ESPN's Hannah Storm Questions NFL's Domestic Violence Problem In Powerful Monologue — VIDEO
Well, the 2014 NFL season is in full swing, but it's hard to focus on the games when there are still some questions that needs answers to regarding the Ray Rice investigation and its league-wide domestic violence policies. In an emotional closing segment of ESPN's Sports Center today, Hannah Storm pressed the NFL to address domestic violence and its overall treatment of women — whether wives, employees. or fans. "What exactly does the NFL stand for?" Storm asked. Great question — let's see if the NFL ever has an answer.
Storm, mother to three daughters, gave a personal anecdote about how she doesn't know what to tell her children when they ask about the Ray Rice incident. "Mom, why did he do that?" asked her daughter, who has her first Fantasy Football league this season. "Why isn't he in jail?"
Storm said these questions were "seemingly impossible to answer." So she turned to the NFL with some questions of her own:
So here's a question: What does all of this mean for the future? What does it mean for female fans, whose dollars are so coveted by the NFL, who make up an estimated 45 percent of the NFL's fan base? Are fans and are families, are we as parents supposed to compartmentalize everything that's happening? Are we supposed to simply separate a violent game on the field from violent acts off the field? And if we do, what message does that send? So, here's some more questions: What exactly does zero tolerance mean to the NFL? What does it mean to the coaches, the GM's, the owners?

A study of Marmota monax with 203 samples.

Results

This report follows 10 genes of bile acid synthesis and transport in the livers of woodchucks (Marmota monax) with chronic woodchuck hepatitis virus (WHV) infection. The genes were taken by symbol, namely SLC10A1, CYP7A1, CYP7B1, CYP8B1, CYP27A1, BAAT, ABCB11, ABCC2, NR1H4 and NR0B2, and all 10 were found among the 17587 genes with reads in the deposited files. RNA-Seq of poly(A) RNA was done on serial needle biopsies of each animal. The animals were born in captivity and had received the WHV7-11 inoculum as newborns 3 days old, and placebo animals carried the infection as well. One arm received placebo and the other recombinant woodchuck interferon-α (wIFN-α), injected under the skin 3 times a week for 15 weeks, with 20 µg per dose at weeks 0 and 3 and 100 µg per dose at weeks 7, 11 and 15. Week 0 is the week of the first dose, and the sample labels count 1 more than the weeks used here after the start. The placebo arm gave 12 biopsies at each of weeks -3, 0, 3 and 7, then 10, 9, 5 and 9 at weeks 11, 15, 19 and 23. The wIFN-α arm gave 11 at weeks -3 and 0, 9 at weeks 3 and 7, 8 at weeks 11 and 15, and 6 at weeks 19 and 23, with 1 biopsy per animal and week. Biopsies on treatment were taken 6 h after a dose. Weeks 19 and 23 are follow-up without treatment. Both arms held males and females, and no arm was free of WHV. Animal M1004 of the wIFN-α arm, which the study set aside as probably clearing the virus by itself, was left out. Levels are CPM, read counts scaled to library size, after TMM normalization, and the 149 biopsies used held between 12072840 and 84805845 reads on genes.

Storm also criticized the NFL and the Baltimore Ravens for not taking stronger action against Rice until after they saw the full video of Rice knocking his now-wife Janay Palmer unconscious in an Atlantic City casino elevator. The video was released by TMZ last Monday, but an anonymous law enforcement official told the Associated Press last week that a copy was sent to an NFL executive in April.
Whether or not the NFL saw the video, both the league and the Ravens staff knew what happened in the elevator from police reports, summons, and even Ray Rice himself. They are now under fire for not believing that such a brutal domestic assault truly occurred.
As Storm puts it, it's now time for us — the fans — to see some action:
In the NFL, apparently seeing is believing If the NFL and the Ravens had to see that video to be moved to significant action, then shouldn't those who support the league demand the same?